We all know how important it is in the mental game of life and fishing. A few recent outings reminded me of the importance of fishing with confidence and got me thinking of ways to find it when it eludes me.
I’m relatively new to winter fishing, but, I’ve really enjoyed the process of figuring it out in the serenity that blankets the winter landscape.
Like anything new that I figure out on my own, I question whether I’m doing it right. Fortunately, there are tons of resources available online and in print, not to mention a wealth of knowledge from experienced anglers who might be willing to share a few pointers.
At some point, though, regardless of how much experience and knowledge I have, there comes a time when doubt creeps in, and I start to think that no matter what I do, it’s not going to work.
In the salt, you can convince yourself that the fish just aren’t there. It’s a vast ocean; they can’t be everywhere. However on the trout stream, you know that’s simply not the case. It should be easy, then, if you know there’s fish in front of you, right?
Still, I find myself fishing water that I know holds fish but am unable to get a hit. I change flies. I try adding weight, I try down-sizing, I switch back and forth from suspenders to tightlining, but to no avail.
The problem is that, at times, I sense the lack of confidence, and I know it’s working against me in subtle ways. I’m just not fishing as well as when I’m dialed-in.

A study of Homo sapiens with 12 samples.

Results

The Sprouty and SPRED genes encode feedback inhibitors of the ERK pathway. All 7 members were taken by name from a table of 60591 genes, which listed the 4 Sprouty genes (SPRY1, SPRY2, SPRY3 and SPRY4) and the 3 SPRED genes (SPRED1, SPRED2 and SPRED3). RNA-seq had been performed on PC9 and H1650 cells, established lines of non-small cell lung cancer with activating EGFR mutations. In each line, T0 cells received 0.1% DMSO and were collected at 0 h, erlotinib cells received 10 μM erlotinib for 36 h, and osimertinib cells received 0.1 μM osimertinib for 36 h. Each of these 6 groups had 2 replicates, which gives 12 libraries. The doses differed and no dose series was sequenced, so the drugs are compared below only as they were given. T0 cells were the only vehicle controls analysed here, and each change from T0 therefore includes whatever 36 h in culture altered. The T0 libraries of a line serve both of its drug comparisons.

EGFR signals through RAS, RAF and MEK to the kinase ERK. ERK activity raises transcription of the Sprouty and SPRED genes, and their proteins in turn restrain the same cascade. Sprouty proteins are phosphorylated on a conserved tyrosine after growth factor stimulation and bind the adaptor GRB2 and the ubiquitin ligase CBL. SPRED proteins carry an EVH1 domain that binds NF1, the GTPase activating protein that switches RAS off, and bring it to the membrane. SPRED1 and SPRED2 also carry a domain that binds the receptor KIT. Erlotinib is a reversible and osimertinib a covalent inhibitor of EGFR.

I can dream up all kinds of reasons to lose confidence. The curse of the new rod, the new hat, the curse of the banana. Anyone else not eat bananas when they fish?
Fortunately, through perseverance, stubbornness, and good advice, I’ve figured out a strategy that’s worked well for me this winter when I’ve felt my confidence slipping away. I’ve used it to bring some nice fish to the net and keep the skunk at bay during my last few outings, even with a new rod and once without wearing a hat at all!
- Find a pattern you have confidence in and fish it consistently. Preferably this is something that has worked well for me or someone I know. For me, its eggs and stoneflies. For you, it might be something completely different. It isn’t necessarily the best thing to fish, but, it’s the thing that I fish best.
- Go heavy and make sure I’m getting down and staying in contact.
- Fish the most likely water and move. I know fish won’t move far to eat in the winter, but, the longer I try to thread the needle, the colder I get and the more doubtful I get. A short ride or hike to a new spot is also a chance to warm myself up, grab a bite or a few sips of hot coffee, and recharge.
There’s no great revelation here; this has all been said before.
Nevertheless, there’s a sense of satisfaction that comes from putting it all together and making it work for you. Winter’s almost over and the stocking trucks will soon be making their rounds. Get out and be humbled while you still can.